Memphian, Natasha Stewart aka Pebblez da Model made an appearance late last week in a Hinds County court room after six months in State custody. She is facing a possible life sentence for referring an Atlanta woman to a non-licensed butt enhancement doctor who was allegedly injecting women with concrete or commercial grade silicon.
Stewart has admitted referring a young Atlanta woman by the name of Karima Gordon to Tracey Lynn Garner, formerly known as Morris Garner for the butt injection procedure. Garner, a transsexual, apparently had built a reputation for providing these kinds of illegal medical procedures and administered injections to Gordon at a cost of $1,500.
A teacher at Public School 28 in Brooklyn, N.Y.'s Bedford-Stuyvesant neighborhood, where an estimated 80 percent of children qualify for free lunch, overheard a student dismiss Manhattan's expensive American Girl doll store as an unattainable destination -- specifically, a place that white girls go to.
A $14,000 fundraising campaign later, he took 27 girls on a trip that included tea with the store's cast of characters, DNAinfo New York reports. His only goal: to prove to them that they could have the same experiences as anyone else. I decided I had to help change their perception of themselves and their worth, Rob Robinson said. This is less about the dolls, and more about telling them you have access to any place.
The first phase of jury selection in George Zimmerman's trial wrapped up Tuesday after 40 jurors had been chosen to move on to a second round of questioning.
Attorneys questioned nine potential jurors Tuesday, with eight candidates being chosen for the second round.
The next stage of jury selection will begin Wednesday morning, when attorneys will be allowed to ask general questions that could include broader subjects such as race, crime and self-defense.
WASHINGTON – Areva Martin watched her youngest child play with growing concern. Marty was almost 18 months old and he didn't play like other kids his age. Instead of racing toy cars on a track or across the floor, Marty would organize them in lines. He did the same thing with crayons. Instead of scribbling on paper or trying to color, he would just line them up. Marty played obsessively with random objects that he would find around the house: a house shoe, a cup, or a spoon would consume hours of playtime. But Martin, a lawyer living in Los Angeles, was most concerned about his speech.
"The first thing that came to my mind was, 'This kid isn't speaking, so let's get him to a speech therapist,'" she said. After several months with a speech therapist, and no signs of improvement, Martin took her son to a developmental pediatrician. That's when she learned that Marty was autistic.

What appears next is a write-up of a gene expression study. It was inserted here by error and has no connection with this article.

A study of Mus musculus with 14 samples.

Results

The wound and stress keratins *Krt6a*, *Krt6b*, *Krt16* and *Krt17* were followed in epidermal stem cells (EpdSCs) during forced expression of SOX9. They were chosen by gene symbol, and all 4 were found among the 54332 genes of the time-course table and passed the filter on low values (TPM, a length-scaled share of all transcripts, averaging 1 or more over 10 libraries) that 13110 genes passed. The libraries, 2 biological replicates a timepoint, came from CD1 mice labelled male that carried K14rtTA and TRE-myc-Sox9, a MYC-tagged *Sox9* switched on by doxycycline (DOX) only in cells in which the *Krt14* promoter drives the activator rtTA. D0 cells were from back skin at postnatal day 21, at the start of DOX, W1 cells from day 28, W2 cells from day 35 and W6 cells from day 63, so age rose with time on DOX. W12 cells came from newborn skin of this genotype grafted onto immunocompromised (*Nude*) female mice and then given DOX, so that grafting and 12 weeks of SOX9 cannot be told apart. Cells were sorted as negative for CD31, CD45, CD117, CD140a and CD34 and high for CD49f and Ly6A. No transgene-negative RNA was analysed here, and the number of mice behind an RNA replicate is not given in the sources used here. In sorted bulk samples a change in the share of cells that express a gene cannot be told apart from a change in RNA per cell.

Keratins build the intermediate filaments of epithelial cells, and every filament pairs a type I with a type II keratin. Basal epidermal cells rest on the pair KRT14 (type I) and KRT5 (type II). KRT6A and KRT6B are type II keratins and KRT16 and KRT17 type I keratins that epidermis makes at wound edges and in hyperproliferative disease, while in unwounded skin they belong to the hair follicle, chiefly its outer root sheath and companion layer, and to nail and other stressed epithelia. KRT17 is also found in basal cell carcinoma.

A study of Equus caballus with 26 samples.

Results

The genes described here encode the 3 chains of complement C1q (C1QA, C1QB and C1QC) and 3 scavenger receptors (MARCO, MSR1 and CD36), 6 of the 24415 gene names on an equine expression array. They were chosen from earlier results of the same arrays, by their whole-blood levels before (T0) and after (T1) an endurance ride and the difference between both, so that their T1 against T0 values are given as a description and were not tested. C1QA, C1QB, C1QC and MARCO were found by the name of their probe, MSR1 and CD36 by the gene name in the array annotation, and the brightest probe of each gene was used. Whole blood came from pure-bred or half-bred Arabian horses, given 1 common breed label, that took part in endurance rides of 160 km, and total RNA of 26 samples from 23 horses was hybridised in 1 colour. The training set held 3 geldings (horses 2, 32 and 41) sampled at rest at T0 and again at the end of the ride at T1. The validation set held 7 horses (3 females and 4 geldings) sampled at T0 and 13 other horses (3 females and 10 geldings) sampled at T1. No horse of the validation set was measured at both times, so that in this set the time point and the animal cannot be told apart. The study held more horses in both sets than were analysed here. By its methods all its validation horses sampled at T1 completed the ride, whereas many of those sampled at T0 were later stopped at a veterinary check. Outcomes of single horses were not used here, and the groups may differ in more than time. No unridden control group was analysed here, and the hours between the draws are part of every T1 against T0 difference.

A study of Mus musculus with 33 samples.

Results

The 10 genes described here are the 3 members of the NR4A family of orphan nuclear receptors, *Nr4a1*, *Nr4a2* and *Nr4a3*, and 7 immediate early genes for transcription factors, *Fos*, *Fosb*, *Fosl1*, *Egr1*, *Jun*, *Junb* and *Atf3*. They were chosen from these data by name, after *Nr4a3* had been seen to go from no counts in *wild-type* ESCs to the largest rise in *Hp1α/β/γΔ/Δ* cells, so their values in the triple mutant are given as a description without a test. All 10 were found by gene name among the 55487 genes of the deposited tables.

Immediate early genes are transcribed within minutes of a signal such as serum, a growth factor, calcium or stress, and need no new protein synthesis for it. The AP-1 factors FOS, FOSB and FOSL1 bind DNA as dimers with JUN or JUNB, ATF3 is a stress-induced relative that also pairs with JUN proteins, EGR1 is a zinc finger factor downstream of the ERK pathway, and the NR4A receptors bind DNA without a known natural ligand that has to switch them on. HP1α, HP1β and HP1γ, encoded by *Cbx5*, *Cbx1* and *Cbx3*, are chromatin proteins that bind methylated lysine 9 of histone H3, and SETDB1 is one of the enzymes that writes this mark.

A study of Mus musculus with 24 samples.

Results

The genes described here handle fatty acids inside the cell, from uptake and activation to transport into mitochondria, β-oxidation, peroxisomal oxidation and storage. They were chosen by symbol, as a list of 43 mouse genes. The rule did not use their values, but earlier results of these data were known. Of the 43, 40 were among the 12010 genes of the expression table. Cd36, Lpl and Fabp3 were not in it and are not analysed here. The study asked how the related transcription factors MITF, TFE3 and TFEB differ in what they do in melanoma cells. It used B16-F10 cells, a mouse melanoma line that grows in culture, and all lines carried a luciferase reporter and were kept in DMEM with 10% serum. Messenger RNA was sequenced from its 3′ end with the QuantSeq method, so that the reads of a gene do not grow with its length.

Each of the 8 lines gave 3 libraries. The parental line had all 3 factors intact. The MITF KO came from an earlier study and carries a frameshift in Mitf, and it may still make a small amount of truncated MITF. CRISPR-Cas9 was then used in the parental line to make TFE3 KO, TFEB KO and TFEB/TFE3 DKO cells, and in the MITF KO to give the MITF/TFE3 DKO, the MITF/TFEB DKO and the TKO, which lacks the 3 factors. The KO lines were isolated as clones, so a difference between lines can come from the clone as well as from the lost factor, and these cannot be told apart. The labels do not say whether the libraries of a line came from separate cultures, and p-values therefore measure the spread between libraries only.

"I knew very little about autism. I wasn't even thinking about autism," said Martin. "It wasn't even a word in my vocabulary."
According to demographers, more white Americans died last year than were born -- the first time this has occurred in the history of the nation. Even more surprising, the shrinking of the white population has begun more rapidly than previously predicted.
The decline of America's white population is being fueled by a variety of factors, among them that white women are having fewer children, and at later ages than other racial groups, and the immigrant population is increasing. But perhaps even more interesting than the numbers themselves is the impact they are likely to have on American society.
Paula Cooper was just 16 years old when she became the youngest person on death row in the United States.
That was in 1986.
Today (June 17), after 27 years behind bars, Cooper will walk out of the Indiana's Rockville Correctional Facility a free woman.
The Smithsonian's National Museum of African American History and Culture on Wednesday announced that Oprah Winfrey would donate $12 million to support the capital campaign of the new museum.
Combined with her $1 million gift in 2007, this brings Winfrey's total contribution to $13 million, the museum's largest donation to date. Winfrey, chairman and CEO of OWN, the Oprah Winfrey Network, has been a member of the museum's advisory council since 2004.
In recognition of her gift, the museum's theater will be named the Oprah Winfrey Theater. The 350-seat theater will be a forum in the nation's capital for performers, educators, authors, musicians and filmmakers. The theater's programs will enable audiences to gain a broader understanding of how African American history and culture shape and enrich the country and the world.